How French clergy promoted the smallpox vaccine

February 17, 2015

In October 2013, a program entitled “Health Care from the Pulpit” was introduced by Enroll America, a non-profit organization whose purpose is to increase enrollment in services provided by the Affordable Care Act among the previously uninsured. They intend to bring churches of different faiths together to “be engaged in the education and outreach efforts around the Affordable Care Act open enrollment period.” This outreach program suggests a number of methods, including “tabling events” where religious leaders address the importance of health insurance, churches creating and training of “health outreach ministry teams” to educate their community at large, and hosting an “enrollment summit” comprised of religious leaders, health-care professionals, and civic organizations to discuss the issues related to the government health-care program.

After seeing the efforts of this program in her church in Jacksonville, Florida, one parishioner said, “Our pastor, he keeps us real informed and grounded in what's going on in the community, and he's always bringing stuff to help us, so I love him for that.” One of the organizers commented, “Pastors are trusted messengers.” The initiative responds to a need from within the health-care system to gain the cooperation of the nation’s churches in a matter where currently there is a lukewarm response, and they accomplish this through some of the thoroughly “modern” means of social media and the internet.

With some minor changes, programs like “Health Care from the Pulpit” have existed for centuries and in a number of national contexts. They engendered fewer conflicts than one might typically expect considering the field of church and state issues. The greatest example of a concerted effort on the part of public and private organizations to bring religious groups on board with advances in health care occurred during the spread of the smallpox vaccine in France in the early 19th century. Vaccination was discovered by the British physician Edward Jenner in the late 1790s and arrived in France in 1799 just as negotiations started over a “religious settlement” for the Christian churches dispersed during the French Revolution.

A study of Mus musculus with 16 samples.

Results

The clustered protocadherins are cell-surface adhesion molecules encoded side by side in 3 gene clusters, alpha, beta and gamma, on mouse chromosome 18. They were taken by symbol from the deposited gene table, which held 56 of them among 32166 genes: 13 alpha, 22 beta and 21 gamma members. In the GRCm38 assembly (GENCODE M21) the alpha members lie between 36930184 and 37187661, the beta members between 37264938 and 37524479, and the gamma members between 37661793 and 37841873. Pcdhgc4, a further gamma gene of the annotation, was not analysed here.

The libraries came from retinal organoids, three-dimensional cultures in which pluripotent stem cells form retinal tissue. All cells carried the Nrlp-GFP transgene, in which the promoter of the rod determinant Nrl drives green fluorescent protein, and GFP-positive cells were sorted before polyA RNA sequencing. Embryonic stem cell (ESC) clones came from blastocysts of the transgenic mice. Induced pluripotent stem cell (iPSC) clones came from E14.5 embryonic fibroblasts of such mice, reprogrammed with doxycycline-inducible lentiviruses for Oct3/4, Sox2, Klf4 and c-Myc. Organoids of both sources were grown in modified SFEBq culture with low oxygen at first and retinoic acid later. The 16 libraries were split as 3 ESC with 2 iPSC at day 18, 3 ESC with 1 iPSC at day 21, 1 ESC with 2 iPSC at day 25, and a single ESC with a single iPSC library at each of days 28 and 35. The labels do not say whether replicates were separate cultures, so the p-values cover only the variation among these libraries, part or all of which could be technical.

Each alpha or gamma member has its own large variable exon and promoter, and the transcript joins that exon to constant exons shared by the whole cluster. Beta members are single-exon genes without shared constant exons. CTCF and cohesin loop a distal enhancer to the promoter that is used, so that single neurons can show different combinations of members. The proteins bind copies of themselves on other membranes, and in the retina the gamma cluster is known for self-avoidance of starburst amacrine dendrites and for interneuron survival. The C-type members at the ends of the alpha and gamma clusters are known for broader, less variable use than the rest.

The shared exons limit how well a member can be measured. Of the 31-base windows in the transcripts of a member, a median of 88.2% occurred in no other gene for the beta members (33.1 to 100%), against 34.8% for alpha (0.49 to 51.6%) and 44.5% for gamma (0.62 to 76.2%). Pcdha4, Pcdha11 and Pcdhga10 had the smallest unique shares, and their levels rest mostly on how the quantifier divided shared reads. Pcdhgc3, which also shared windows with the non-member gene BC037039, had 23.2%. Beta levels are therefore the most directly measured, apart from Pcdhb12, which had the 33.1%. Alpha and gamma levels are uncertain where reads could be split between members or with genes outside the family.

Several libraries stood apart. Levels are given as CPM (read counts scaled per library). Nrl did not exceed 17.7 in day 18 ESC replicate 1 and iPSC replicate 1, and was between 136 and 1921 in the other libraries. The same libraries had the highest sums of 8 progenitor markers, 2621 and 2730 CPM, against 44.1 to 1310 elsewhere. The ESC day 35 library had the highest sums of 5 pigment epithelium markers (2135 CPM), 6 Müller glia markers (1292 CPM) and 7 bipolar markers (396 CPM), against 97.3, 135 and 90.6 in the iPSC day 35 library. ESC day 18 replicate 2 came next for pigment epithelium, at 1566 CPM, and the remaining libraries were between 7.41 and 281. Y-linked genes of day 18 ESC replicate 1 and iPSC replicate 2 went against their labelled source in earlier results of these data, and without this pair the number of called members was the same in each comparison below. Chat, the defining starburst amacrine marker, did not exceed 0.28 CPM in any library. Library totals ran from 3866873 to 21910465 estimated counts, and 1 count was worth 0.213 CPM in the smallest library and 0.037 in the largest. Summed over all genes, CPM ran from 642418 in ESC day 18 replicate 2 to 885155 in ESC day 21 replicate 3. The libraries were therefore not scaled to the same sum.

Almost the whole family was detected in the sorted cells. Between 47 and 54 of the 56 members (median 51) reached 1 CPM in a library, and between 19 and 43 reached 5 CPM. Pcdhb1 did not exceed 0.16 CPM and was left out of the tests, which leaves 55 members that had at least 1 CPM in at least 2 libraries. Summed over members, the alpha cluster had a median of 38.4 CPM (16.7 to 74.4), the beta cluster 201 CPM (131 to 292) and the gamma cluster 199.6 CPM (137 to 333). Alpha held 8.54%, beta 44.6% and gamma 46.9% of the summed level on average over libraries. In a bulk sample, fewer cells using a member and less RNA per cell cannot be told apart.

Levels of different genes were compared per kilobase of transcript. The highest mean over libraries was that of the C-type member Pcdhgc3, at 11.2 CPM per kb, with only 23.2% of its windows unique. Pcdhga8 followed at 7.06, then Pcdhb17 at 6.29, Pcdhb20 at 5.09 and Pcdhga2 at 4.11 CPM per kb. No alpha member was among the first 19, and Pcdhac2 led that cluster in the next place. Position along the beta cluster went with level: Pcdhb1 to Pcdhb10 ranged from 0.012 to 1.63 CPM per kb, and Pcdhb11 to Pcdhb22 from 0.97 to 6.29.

Numerous small societies comprised of civil and medical notables assembled throughout the nation into the Central Vaccine Society, whose aim was to promote the method of smallpox vaccination and educate society at large about its merits. From its earliest years, the society as well as the Ministry of the Interior were aware that the assurances of medical professionals could not open every mind to the procedure, and they asked the nation’s clergy—Catholic, Protestant, and Jewish—to aid them in their efforts. The methods they employed varied from reading pre-written statements from the pulpit, distributing medical literature to their parishioners, to administering vaccines personally. While a small portion of the population reacted negatively to these methods, the majority of the French people at the very least accepted the program as a natural collaboration between church and state for the public good. 

The example of the French churches and the smallpox vaccine can inform the contemporary debate on vaccination and national health care, as many of the basic assumptions about religion and medicine remain well into the 21st century. For many, the issues go beyond traditional theological arguments that contextualize medicine within the Bible or church laws. In contemporary society, attitudes to vaccination are informed by information coming from many authorities, both inside and outside the medical profession. What do we mean by religion when we ally pronouncements on public health to the individual authority of the Christian minister? 

Priests in 19th-century France understood they were taking a great gamble on a new method that could potentially be repudiated by the medical community later on. What is the boundary between the health and wellness of the individual, their ability to freely make choices that concern their own life, and the rights of the community at large in relation to these choices? In this regard, vaccination policy for the person of faith is not a binary between church and state, but rather an interaction between a church, a community, and an individual. While historians tend to see reaction to vaccination as a choice between acquiescence or resistance, historical and contemporary examples of religious collaboration on this matter can offer ways for comprehending the dialogue between church and state. 

Our weekly feature Then and Now harnesses the expertise of American religious historians who care about the cities of God and the cities of humans. It's published in partnership with the Kripke Center of Creighton University and edited by Edward J. Blum.